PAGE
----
As soon as your kids are old enough, they will ask one question: ‘can we get a pet?’ Of course, no self-respecting parent will agree to own a cat or a dog until they think it through. After all, pets aren’t just for Christmas as the saying goes. Still, even when they have time, lots of moms and dads decide against it because it isn’t healthy for the children. The truth is that owning a pet is very beneficial for kids of all ages, and these are the reasons why.
Lowers Risk Of Allergies
Although it isn’t proven, lots of studies show that allergies are lower for those with pets. The reason for this, according to the research, is that these people aren’t as sensitive to allergens. Because pets increase the number of allergens in the home, the body builds up a natural defense. Over the years, it gets stronger and stronger and evolves to cover a broad range of sensitivities. Logically, the sooner you introduce a child to a pet, the quicker they will develop resistance. This may be the key to avoiding nasty seasonal disorders such as hay fever.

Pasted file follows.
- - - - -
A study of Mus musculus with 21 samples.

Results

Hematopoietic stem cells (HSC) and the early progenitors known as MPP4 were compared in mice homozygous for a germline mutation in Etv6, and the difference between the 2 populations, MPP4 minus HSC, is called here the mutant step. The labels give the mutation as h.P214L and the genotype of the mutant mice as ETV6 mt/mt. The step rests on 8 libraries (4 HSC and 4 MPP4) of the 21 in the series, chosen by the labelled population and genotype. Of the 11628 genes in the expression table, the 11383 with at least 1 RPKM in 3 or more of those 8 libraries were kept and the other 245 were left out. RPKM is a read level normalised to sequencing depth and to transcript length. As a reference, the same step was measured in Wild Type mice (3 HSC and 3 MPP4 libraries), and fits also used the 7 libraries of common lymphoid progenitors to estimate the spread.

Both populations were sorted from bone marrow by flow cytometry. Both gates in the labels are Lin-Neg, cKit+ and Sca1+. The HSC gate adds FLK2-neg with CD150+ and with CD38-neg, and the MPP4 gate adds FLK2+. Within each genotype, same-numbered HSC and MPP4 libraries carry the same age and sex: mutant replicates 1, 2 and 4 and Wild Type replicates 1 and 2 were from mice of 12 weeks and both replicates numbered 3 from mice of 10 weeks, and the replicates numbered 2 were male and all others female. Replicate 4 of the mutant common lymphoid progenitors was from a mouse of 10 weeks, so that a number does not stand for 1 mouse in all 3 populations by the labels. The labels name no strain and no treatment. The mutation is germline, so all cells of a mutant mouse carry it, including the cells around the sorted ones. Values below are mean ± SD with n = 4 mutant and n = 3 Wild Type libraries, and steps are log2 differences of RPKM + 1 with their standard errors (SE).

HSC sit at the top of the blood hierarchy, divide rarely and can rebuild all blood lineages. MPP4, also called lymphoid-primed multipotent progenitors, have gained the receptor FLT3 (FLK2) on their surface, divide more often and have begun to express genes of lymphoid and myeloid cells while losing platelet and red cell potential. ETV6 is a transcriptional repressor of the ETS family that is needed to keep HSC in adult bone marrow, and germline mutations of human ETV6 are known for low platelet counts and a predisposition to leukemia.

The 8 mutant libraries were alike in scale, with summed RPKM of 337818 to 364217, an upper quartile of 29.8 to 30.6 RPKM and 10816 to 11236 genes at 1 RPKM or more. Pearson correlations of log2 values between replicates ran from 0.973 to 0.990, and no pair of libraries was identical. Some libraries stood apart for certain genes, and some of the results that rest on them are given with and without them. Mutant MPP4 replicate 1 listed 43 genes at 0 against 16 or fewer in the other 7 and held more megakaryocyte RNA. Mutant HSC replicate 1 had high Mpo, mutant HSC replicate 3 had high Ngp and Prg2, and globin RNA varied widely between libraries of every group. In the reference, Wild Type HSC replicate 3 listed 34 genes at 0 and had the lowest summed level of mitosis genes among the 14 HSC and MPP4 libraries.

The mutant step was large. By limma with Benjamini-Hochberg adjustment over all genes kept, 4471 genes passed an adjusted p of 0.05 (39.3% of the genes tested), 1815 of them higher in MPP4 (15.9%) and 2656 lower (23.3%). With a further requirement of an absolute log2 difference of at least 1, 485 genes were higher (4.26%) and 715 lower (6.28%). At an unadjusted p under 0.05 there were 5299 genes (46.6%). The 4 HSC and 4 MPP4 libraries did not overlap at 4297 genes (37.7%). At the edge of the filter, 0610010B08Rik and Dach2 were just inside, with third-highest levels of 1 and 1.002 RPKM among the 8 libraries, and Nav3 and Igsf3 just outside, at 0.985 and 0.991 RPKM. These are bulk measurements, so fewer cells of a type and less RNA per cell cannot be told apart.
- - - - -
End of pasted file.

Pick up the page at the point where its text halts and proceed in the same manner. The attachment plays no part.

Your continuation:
There is only so much a parent can do without turning for help. That’s why school teachers take over during the day, to teach them about academia and life outside of education. Apart from teaching staff, pets are also useful tools to help kids learn life lessons. The pooch may not sit them down and write on a whiteboard, yet they teach in another way. Quite simply, having a pet reinforces the family values that parents hold dear. It also encourages them to accept others into the fold even if they aren’t family members. For children of divorce, this may be an excellent way to fill a void.
Keeps Them Active
Okay, so all pets aren’t particularly active. Cats, for example, won’t chase a ball around and bring it back repeatedly. Dogs, however, will because they are active animals that love to get out of the house and go on walks. And, as long as you give them healthy dog treats this can happen two to three times a day. If you are wondering why this is good for kids, it’s because children love to tag along. As a result, they get out of the house on multiple occasions and exercise in the process. Sadly, this isn’t true of all kids.
You may look after the pooch, but the kids will pitch in. In fact, it’s imperative that you make them care for the dog. The chore can be as simple as taking it for a walk or putting out the food. However, no matter how simply it encourages children to be responsible. They may not realize it, but these acts force them to organize their lives and put the needs of the dog first.
In the future, this trait will come in handy when they enter the real world and gain their independence.